CSC 062
Data Structures and Advanced Programming

This course couples work on program design, analysis, and verification with an introduction to the study of data structures that are important in the construction of sophisticated computer programs. Because we will be interested in studying more modern techniques for designing and implementing efficient computer programs, we will primarily be using the object-oriented programming language, Java, though later in the course you will learn to develop programs in C as well. We will see that the object-oriented style of programming is extremely useful in designing large, complex programs and supporting reusable software.

Students will be expected to write a collection of programs, ranging from very short programs to more elaborate systems. Since one of our goals in this course is to teach you how to write large, reliable programs composed from reusable pieces, we will be emphasizing the development of clear, modular programs that are easy to read, debug, verify, analyze, and modify.

Equally important is the ability to analyze programs for correctness using big-"O" notation. This will help us evaluate the trade-offs in different choices of algorithms and data structures.

We assume that all students enrolled are comfortable writing small to medium-sized programs (< 10 pages of code with several interacting classes) in Java. The knowledge assumed is generally equivalent to that of CSCI 051 as offered at either Pomona or CMC or the Computer Science advanced placement exam. If you have any doubts as to whether your programming experience is sufficient for this course, please see us as soon as possible. If you have never programmed in Java then you are unlikely to succeed in this course. Check with the instructors for proper placement.

By the end of this course you should have a good understanding of the object-oriented design, coding, and debugging of programs in Java and C, and have a good understanding of how one might analyze programs for correctness and efficiency. In particular, you will understand the trade-offs involved in selections of different data structures and algorithms to solve computational problems.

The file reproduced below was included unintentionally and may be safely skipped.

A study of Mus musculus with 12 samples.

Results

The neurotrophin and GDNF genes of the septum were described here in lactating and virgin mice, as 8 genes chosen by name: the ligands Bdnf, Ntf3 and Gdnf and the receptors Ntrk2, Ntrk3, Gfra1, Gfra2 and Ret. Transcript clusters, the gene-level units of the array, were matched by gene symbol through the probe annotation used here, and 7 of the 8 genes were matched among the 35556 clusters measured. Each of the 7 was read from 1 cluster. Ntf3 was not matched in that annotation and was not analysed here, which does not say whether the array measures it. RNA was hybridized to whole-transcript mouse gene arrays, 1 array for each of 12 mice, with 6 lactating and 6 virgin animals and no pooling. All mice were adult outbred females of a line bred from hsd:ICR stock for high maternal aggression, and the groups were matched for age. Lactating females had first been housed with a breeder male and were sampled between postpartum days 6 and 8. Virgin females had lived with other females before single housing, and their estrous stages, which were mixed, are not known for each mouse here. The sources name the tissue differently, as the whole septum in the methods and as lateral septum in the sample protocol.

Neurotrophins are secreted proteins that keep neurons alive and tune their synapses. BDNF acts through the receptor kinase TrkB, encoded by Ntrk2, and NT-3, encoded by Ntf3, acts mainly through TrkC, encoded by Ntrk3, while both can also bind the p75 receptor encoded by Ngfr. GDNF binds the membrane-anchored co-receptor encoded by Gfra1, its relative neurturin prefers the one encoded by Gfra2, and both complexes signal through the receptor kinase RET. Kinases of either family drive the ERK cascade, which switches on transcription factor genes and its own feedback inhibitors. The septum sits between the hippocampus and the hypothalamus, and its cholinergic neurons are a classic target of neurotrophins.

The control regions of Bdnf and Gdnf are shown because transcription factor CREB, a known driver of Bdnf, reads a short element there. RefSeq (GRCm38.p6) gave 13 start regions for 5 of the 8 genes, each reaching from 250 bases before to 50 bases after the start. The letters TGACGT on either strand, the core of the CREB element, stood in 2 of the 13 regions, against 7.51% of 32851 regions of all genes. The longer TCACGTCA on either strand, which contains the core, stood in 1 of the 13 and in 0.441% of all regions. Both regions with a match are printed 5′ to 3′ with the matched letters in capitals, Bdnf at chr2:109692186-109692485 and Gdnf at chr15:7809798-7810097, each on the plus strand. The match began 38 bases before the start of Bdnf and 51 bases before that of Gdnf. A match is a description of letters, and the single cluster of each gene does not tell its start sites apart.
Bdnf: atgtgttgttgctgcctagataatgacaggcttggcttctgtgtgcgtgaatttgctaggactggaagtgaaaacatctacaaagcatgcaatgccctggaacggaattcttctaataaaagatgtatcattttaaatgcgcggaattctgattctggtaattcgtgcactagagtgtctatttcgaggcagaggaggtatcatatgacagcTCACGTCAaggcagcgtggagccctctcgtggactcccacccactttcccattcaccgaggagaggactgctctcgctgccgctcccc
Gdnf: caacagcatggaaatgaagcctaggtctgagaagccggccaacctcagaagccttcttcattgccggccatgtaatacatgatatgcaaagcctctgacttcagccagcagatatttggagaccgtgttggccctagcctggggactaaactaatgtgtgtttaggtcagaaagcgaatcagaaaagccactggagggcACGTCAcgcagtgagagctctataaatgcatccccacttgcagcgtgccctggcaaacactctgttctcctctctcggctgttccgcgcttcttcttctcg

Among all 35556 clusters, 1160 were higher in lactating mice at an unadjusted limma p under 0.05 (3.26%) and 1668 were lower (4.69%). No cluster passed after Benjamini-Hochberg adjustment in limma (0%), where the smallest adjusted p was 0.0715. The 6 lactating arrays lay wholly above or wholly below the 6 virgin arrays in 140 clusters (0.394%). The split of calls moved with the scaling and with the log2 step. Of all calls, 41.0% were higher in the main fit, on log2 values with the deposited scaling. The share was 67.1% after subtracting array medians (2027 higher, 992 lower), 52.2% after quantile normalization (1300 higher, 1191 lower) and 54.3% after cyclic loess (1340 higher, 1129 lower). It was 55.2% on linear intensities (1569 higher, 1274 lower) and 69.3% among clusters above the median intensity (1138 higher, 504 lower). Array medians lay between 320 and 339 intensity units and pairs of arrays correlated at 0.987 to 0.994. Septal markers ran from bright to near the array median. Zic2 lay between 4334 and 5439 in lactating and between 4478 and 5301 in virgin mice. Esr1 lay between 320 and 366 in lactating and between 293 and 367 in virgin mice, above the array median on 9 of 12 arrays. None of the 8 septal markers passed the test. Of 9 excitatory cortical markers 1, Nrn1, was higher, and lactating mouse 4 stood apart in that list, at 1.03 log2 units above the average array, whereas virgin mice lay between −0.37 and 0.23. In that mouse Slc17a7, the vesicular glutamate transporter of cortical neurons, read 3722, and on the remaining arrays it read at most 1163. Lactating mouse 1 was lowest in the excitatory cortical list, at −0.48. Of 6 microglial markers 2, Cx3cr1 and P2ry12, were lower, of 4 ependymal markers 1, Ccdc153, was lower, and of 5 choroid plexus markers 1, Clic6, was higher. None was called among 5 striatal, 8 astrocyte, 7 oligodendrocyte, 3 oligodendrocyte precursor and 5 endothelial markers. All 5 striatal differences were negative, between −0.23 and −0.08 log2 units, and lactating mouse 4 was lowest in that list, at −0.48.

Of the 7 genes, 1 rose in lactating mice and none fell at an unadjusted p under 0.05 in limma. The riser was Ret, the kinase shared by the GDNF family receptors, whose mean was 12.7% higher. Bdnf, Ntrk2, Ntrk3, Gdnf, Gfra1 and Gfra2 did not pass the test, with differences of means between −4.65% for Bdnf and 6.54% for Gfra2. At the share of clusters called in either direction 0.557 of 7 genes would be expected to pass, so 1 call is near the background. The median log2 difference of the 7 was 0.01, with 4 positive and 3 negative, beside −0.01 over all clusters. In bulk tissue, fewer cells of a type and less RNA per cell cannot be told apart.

This course is a prerequisite for most upper level Computer Science courses. For now, it may be taken either before or after CSCI 052. However, starting next semester, CSCI 052 will be a prerequisite for CS 062.

Academic Accommodations

If you are seeking academic accommodations, you must contact your home college’s disability coordinator to establish accommodations. You should plan to meet with your coordinator to discuss appropriate accommodations and may be asked to provide documentation necessary to verify disabilities. The disability coordinators for the Claremont Colleges are: Jan Collins-Eaglin (Pomona), Julia Easley (CMC), Jill Hawthorne (Pitzer), Sonia De la Torre Iniguez (Scripps) and Heidi Bird (HMC).

Use of electronics in the classroom

Laptops, tablets, and cell phones may not be used during lecture without advance permission of the instructor. Several studies (and our personal experience) has shown that these devices are a distraction and interfere with learning. Other studies have shown that taking notes by hand is more effective for learning than taking notes on a computer. We strongly recommend that you print out the lecture notes before class (they should be posted by 8:30 a.m. each class day) and annotate them by hand.

Pomona College prohibits video or voice recording of any lecture or discussion, except in cases that the office of the Dean of Students has granted a student permission according to the College’s Disability Accommodations Policy, or when permission is granted by the instructor. Please see one of the instructors if you wish to record lectures or lab sessions.